Fewer non-deployable Soldiers, less-frequent PCS moves a goal, Army secretary says
WASHINGTON -- The Army is taking a hard look at the number of Soldiers who are designated as non-deployable and also at possibly reducing the frequency of permanent-change-of-station moves, Secretary of the Army Mark Esper said at a meeting with service organizations.
Esper spoke at the Military/Veteran Service Organization and Non-Federal Entity Partner Roundtable in the Pentagon Tuesday.
Before his remarks, Esper thanked the MSO/VSO members, noting that they do an outstanding job -- out of the limelight -- advocating for Soldiers and their families on quality-of-life and readiness issues.
The organizations also share the Army's story with the American public and lawmakers, most of whom have never served and know very little about issues that are important to Soldiers and the Army, he added.
More than 100,000 Soldiers are currently in a non-deployable status, Esper pointed out, adding that they are "hurting Army readiness."
A business would not survive if 10 percent of its workforce could not perform its core mission, he said, yet the Army continues to carry these Soldiers on its rolls.
It's also a health-of-the-force issue. For every Soldier who cannot deploy, someone must take that person's place, and that puts a strain on an already over-deployed force.
Getting non-deployables transitioned out of the Army is "an approach I hate to do," but it has to be done, he said. However, he also noted that the Army will do everything it can to help get as many Soldiers as possible changed to a deployable status.
For some, it may be very easy to do, he said -- something as simple as getting some dental work done, for example. But for others, there's no easy fix. Many are on extended profiles and will never be able to deploy.
The Army is also taking some proactive measures to reduce the number of Soldiers who get injured in the first place, he said. For instance, the Army is changing its physical fitness program to focus more on functional movements designed to strengthen the body in ways that reduce injuries. The Army is also looking to provide physical trainers at the small-unit level to provide better coaching on fitness and injury prevention.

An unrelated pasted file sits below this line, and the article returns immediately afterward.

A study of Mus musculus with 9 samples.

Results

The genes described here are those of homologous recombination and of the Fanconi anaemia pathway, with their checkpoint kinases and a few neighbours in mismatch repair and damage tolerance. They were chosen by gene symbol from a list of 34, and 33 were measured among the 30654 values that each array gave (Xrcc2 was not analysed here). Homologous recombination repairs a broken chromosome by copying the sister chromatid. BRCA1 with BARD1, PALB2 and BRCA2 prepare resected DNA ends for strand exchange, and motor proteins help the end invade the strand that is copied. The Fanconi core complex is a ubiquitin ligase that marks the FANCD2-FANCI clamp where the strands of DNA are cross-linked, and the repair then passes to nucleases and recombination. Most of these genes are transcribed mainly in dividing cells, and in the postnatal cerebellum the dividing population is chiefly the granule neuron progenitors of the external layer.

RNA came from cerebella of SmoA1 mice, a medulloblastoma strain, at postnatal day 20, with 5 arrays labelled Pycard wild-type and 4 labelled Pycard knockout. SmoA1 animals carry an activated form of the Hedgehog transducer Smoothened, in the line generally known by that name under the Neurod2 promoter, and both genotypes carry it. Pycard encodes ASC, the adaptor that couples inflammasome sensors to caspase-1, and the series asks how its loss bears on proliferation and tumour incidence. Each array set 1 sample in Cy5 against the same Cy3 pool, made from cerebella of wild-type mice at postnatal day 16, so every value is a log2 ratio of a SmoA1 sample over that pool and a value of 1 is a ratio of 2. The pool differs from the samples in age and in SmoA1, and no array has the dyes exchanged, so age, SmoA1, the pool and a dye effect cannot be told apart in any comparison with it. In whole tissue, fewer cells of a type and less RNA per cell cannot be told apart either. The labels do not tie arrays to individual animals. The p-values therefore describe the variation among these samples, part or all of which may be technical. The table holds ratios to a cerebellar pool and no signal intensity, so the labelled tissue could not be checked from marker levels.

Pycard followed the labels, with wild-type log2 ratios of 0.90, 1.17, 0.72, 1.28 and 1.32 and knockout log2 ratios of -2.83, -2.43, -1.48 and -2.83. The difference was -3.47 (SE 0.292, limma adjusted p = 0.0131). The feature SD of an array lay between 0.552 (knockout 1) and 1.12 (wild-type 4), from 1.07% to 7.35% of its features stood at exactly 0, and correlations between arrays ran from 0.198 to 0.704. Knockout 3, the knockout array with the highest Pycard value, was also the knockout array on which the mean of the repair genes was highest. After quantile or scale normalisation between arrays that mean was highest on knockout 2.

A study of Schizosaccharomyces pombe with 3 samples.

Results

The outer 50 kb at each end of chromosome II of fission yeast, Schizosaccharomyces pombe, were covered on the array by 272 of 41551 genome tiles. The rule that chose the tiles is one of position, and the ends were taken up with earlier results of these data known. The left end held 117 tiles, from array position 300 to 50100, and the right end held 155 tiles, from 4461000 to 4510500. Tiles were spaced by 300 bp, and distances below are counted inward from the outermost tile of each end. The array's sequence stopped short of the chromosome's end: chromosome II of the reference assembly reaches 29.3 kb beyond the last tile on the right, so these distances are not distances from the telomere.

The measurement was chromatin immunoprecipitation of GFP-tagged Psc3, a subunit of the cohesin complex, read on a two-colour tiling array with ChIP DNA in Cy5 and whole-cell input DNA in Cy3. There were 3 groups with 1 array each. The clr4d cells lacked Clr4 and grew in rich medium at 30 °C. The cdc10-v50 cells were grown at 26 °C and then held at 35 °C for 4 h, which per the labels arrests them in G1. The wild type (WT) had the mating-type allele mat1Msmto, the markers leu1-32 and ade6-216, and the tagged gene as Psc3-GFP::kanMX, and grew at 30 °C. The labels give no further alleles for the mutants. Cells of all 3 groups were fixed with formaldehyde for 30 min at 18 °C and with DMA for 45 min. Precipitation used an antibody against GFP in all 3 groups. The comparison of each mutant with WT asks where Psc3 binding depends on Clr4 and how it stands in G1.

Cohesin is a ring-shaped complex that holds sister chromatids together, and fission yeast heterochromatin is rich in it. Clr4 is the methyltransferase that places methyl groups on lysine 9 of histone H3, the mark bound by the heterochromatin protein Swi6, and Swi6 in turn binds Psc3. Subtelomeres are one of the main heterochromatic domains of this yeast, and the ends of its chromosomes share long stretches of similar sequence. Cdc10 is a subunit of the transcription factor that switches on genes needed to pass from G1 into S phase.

Many Soldiers are PCSing every two or three years, which concerns Esper.
"Changing duty stations too often hurts families," he said.
Spouses can't find employment or get their jobs cut short, and kids are yanked from schools. In an effort to keep their kids in school or hang on to a good job, some families have opted for the Soldier to become a geographical bachelor, he said. That can't be good for the family.
In addition, frequent PCS moves hurt team cohesion. Imagine a football team with a 30 percent turnover of players every year. It would be hard to win games that way, he said.
Besides that, frequent PCS moves cost the Army money, he added.
On the other side of the coin, moving can be good for career growth, he said, noting that in the private sector it's a given that to climb the corporate ladder, one has to move on or stagnate.
Since issue of PCS moves is multifaceted and not cut-and-dried, any change would have to be studied carefully first, he said.
Perhaps a solution might be to offer Soldiers a choice of staying put or moving. Those who move might further their careers more than those who stay, but those who stay might have some compelling reasons to do so, such as caring for a sick relative, he said. For them, staying put would boost morale.
Esper touched on a number of other issues, including deployments.
More people are deployed today than when he served in the Army three decades ago, but the American people don't really know that because fewer Soldiers are serving in Iraq and Afghanistan, causing them to think there are fewer deployments overall.
The secretary also acknowledged that deploying too frequently takes a toll on family life and also impacts retention.
The Army is in a period of growth and met its recruiting mission last year, but it will take time for the numbers to increase. According to Esper, once the Army reaches those numbers, the frequency of Soldiers deploying will decrease.
In the meantime, the Army is examining certain missions around the world and asking hard questions about the size or necessity of continuing those missions, he said.
The Army is also looking at increasing home-station training times, he added.
Another topic that the secretary highlighted the importance of was the budget process and its negative impact on the Army -- continuing resolutions in particular, as well as another possible government shutdown.
Reservists in particular felt the impact of the last shutdown, he said. They missed work to go train and then the government shut down, so they missed training as well.
That can't be good for readiness, he said.
The MSO/VSO attendees told the secretary that they would try to carry that message to the American people and to Congress. The secretary thanked them for their support of Soldiers.